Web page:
Stickley Ottoman

To offer four faces with quartersawn white oak on each leg, the leg centers are glued then planed to 1-5/8" x 1-3/8". Then the 1/8" or 1/4" oversize "skins" of quartersawn veneer are glued to the flat-sawn faces. After the glue dries, plane the legs to their finished 1-1/2" x 1-1/2" dimension.

To offer four faces with quartersawn white oak on each leg, the leg centers are glued then planed to 1-5/8" x 1-3/8". Then the 1/8" or 1/4" oversize "skins" of quartersawn veneer are glued to the flat-sawn faces. After the glue dries, plane the legs to their finished 1-1/2" x 1-1/2" dimension.

A Morris chair (heck, almost any chair) just isn’t complete without an ottoman to prop your feet on. Sadly, by the time you finish building the chair you’re usually so glad to have completed the project that the ottoman gets delayed until later. Well, now is the time!

We’ve published a number of plans for Morris chairs in Popular Woodworking (most recently in our special Great American Furniture publication) in varying styles and by several designers. After looking at dozens of comparable ottomans, we selected a traditional and simple design from Gustav Stickley.

The #300 ottoman we used as a model is one of Stickley’s earlier pieces. Originally offered with a hard leather seat, it sold for $7.50 in the 1912 catalog. Recent auctions have seen this simple piece sell for as much as $800.

The dimensions on our project match Stickley’s, but we’ve updated the seat material to adjust the cost (as well as to make it a little more comfortable).

How to Build It

Choosing the best grain pattern to face "forward" is a tough call. In any case, take a close look at the grain on the pieces for your legs and mark the tops to offer the best look.

Choosing the best grain pattern to face "forward" is a tough call. In any case, take a close look at the grain on the pieces for your legs and mark the tops to offer the best look.As far as furniture projects go, this is pretty simple. But it does give you a chance to work on a hallmark joint of Arts & Crafts furniture – the mortise and tenon. There are four mortises per leg, but for the first-time builder the construction method used is very forgiving. The blind tenons, including the ones in the top rail joints (which ultimately are hidden by the upholstery) make this project pretty simple. The simplicity of the mortise-and-tenon joint is spruced up a little on this piece with the addition of pegs, which make the joints more solid and add a nice decorative touch. The more significant step only sharp-eyed woodworkers will notice at first is to make the legs from multiple pieces of wood. By doing so, the highly figured quartersawn white oak shows on all four sides. Mother Nature hasn't figured out how to do this yet, but we have. The mortises for the top rails are on adjacent inside faces and intersect in the middle of the leg. The mortises for the lower rails are staggered to fit one on top of the other. I used a benchtop hollow-chisel mortiser to make quick work of the mortises, but a router (or even a chisel and mallet) will work just as well.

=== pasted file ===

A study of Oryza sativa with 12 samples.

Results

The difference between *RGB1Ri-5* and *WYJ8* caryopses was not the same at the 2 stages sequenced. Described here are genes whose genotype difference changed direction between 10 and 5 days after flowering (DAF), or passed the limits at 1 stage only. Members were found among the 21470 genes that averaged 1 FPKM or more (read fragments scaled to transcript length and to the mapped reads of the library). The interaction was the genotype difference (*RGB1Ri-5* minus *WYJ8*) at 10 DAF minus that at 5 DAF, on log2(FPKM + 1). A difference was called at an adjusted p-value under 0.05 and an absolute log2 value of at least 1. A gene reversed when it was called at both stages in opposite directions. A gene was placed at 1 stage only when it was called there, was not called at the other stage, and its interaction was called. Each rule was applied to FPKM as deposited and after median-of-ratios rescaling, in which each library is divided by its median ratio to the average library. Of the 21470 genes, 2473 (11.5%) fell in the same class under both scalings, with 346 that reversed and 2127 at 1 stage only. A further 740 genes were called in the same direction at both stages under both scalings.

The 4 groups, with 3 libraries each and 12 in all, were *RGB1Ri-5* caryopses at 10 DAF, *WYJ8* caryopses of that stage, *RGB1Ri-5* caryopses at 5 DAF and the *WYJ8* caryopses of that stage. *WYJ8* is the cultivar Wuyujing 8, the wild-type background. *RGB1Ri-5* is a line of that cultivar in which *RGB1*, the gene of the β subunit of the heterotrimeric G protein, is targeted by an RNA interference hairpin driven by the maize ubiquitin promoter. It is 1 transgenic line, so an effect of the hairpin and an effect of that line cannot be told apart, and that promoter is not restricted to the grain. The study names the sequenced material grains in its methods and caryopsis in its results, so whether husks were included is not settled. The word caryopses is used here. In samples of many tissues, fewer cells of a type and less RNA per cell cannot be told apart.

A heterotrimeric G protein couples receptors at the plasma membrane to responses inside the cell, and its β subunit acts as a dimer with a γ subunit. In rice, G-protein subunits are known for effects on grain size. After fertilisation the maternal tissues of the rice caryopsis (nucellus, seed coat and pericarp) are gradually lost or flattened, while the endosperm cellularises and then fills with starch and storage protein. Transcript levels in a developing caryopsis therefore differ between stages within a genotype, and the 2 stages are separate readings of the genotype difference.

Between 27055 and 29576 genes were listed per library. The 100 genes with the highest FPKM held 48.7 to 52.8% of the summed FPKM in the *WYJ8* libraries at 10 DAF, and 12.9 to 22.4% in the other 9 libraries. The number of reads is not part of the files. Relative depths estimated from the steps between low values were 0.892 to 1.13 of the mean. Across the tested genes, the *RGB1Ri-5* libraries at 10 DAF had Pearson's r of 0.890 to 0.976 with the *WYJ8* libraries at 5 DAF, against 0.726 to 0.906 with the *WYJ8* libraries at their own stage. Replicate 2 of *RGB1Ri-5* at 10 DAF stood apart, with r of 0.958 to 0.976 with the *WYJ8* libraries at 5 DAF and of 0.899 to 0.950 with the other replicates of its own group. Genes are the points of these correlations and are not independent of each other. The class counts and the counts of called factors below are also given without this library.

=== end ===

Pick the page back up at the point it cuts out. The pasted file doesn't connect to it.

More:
Also, if upholstery is something that has kept you from trying this type of project before, don’t sweat it. I’m hardly an upholsterer myself, and everyone who has seen my ottoman seems to think it turned out pretty well.

Four-faced Legs
Quartersawn white oak is one of the features that dresses up the plain styling of Arts & Crafts furniture. Cut from the center of the log out to the bark, the orientation of the growth rings runs almost perfectly perpendicular to the face of the board. This reveals splashes of “ray flake” that are beautiful to behold, but they only happen on the perpendicular faces.

There are a couple of good ways to give the legs this “ray flake” on all four faces, but Stickley chose to simply add quartersawn veneer to the two flatsawn faces, which I copied.

Start making the legs by cutting eight leg halves that are 7/8″ x 2″ x 16″. The 7/8″ thickness will require you to start with 4/4 rough lumber, but ultimately the oversized dimensions will be to your benefit, as you’ll see.

The shoulders for all the rail tenons are made with little fuss on the table saw. Define the shoulder on the first pass using a miter gauge for support, then nibble the rest of the material away, backing the piece away from the rip fence.

The shoulders for all the rail tenons are made with little fuss on the table saw. Define the shoulder on the first pass using a miter gauge for support, then nibble the rest of the material away, backing the piece away from the rip fence.

First, glue each of the four leg pairs together, face-to-face, orienting the best quartersawn grain pattern to the outside. When the glue has dried, square one corner of each piece on the jointer, then size each leg (using your table saw, then your jointer for a final pass) to 1-5/8″ (across the face that shows a seam) x 1-3/8″ or slightly larger (across the quartersawn face).

These dimensions will allow you to add 1/8″-thick veneer to the two layered faces, then run the entire leg down to 1-1/2″ square, leaving an almost invisible veneer face on two sides.

Next, run eight veneer pieces to 1/8″ x 1-3/4″ x 16″. If 1/8″ is thinner than you’re comfortable running on your planer, leave it at 1/4″ – just know that you’ll have to plane more off those faces after glue-up. Glue the veneer pieces to the leg blanks, making sure the veneer extends over all the edges.

After the glue has dried, trim the veneer pieces flush to the leg centers (I used a No. 3 hand plane). Then run the veneer faces through the planer (alternating sides on each pass) until the leg is 1-1/2″ square. Trim the legs to length for a four-faced leg.